Five Oil and Gas Companies Cutting Capital Spending for 2012
National Fuel Gas (NYSE: NFG), which conducts its exploration and production operations as Seneca Resources Corporation, is involved in a joint venture with EOG Resources (NYSE: EOG) to develop properties in the Marcellus Shale. The company reported that EOG Resources does not plan to participate in the minimum number of wells specified in the joint venture agreement for 2012.
National Fuel Gas expects this decision to lead to almost no drilling and completion activity inside of the joint venture in fiscal 2013 (begins 10/1/2012), and a reduction of $50 million in capital spending in the fiscal year. The company also trimmed its production guidance from a range of 92 to 105 Bcfe, down from the previous guidance of 100 to 115 Bcfe.
EQT Corporation (NYSE: EQT) is also heavily involved in the development of the Marcellus Shale and plans to drill 132 wells in 2012 into this formation. The company has refined its capital program and now expects to achieve this goal with $65 million lower spending during the year. EQT Corporation is not drilling fewer wells or seeing a reduction in drilling costs and has reduced spending by being more selective on the location of the wells on its acreage.
Marathon Oil (NYSE: MRO) received a lot of attention from investors when it reported earnings for the second quarter of 2012 as the company announced a reduction in onshore drilling in various shale oil plays in the United States. The company plans to drop nine operated rigs, including two in the Eagle Ford Shale, three in the Bakken and four in the Woodford Shale as its looks to reconcile lower commodity prices with high drilling costs.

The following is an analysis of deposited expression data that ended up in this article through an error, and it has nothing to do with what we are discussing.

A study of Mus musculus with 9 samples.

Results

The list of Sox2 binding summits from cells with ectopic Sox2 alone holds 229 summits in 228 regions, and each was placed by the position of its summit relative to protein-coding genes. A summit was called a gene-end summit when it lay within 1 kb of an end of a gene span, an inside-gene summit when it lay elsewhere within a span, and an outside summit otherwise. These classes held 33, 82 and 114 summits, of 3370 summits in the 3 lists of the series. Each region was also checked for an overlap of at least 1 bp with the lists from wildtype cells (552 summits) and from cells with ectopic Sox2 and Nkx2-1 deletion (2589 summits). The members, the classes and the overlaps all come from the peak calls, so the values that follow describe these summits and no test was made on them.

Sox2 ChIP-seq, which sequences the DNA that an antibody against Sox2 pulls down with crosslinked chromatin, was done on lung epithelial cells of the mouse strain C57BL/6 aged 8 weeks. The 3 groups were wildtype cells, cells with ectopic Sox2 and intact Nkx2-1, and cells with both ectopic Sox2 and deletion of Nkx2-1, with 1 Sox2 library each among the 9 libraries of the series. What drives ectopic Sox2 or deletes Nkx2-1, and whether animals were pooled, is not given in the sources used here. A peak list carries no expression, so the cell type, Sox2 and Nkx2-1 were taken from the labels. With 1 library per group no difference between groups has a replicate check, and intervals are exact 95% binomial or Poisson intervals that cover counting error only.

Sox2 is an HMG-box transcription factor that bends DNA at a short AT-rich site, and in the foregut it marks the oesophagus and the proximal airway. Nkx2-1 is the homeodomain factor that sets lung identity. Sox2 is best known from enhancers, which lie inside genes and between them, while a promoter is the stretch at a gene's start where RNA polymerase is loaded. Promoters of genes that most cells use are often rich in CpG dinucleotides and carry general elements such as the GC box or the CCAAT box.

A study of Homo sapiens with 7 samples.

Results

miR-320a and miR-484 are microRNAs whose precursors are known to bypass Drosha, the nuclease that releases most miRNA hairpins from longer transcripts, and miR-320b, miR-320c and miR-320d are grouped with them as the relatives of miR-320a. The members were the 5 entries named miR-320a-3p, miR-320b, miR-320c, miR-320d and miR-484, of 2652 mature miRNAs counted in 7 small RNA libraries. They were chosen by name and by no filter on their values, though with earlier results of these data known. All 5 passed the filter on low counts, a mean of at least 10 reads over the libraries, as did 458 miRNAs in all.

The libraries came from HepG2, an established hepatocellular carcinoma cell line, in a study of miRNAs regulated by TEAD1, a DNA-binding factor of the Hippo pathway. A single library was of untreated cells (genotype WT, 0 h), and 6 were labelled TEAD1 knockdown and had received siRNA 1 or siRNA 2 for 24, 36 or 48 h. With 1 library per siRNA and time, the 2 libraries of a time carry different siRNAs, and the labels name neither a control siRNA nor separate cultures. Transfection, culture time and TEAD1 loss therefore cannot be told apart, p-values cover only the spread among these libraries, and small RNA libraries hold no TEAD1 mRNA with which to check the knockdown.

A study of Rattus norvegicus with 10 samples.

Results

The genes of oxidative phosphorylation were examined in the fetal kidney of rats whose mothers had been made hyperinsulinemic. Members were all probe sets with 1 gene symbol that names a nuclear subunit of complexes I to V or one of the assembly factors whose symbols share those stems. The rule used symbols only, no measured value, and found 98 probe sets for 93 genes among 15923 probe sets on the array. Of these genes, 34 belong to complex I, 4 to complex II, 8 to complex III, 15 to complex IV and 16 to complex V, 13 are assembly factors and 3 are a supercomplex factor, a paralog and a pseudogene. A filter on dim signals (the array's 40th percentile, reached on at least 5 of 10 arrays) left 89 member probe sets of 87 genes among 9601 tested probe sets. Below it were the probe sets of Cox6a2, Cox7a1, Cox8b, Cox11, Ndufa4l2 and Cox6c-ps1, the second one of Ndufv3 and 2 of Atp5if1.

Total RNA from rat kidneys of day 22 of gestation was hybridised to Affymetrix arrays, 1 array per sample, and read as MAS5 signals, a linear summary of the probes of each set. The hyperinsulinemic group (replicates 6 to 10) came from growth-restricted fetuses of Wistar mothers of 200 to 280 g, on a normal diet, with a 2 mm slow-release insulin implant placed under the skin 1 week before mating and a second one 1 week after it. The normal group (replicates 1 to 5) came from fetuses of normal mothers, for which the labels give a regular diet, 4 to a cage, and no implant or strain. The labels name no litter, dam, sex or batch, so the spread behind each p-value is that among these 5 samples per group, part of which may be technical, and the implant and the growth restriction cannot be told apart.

Despite the decrease in activity, Marathon Oil is not lowering overall capital spending in 2012, as the company will use the funds saved to build out infrastructure in the Eagle Ford Shale and meet required financial obligations on wells that it is involved with on a non-operated basis.
One important point for investors to consider is that although Marathon Oil is dropping rigs, the company has become more efficient in its drilling operations and expects to meet previous guidance on production growth. Marathon Oil estimates that oil and gas production in 2012 will grow 5% over 2011, excluding Libya, and then accelerate to a range between 6% and 8% in 2013.
Bill Barrett Corporation (NYSE: BBG) is also seeing reduced cash flow due to lower prices for natural gas and natural gas liquids and is reducing capital expenditures by $40 million in 2012 and $100 million in 2013 to match this lower cash flow. The company is ending all development activity at the Gibson Gulch project in the Piceance Basin, where it has approximately 18,000 gross acres under lease. Bill Barrett Corporation's original plan called for a two rig program in this area in 2012 as the company touted a 48% rate of return on wells here in a June 2012 investment presentation.
Less capital spending by the oil and gas industry will eventually lead to less production and correct the imbalances in supply and demand that has plagued the natural gas market over the last few years. More actions like these are needed for the cycle to correct and commodity prices to recover.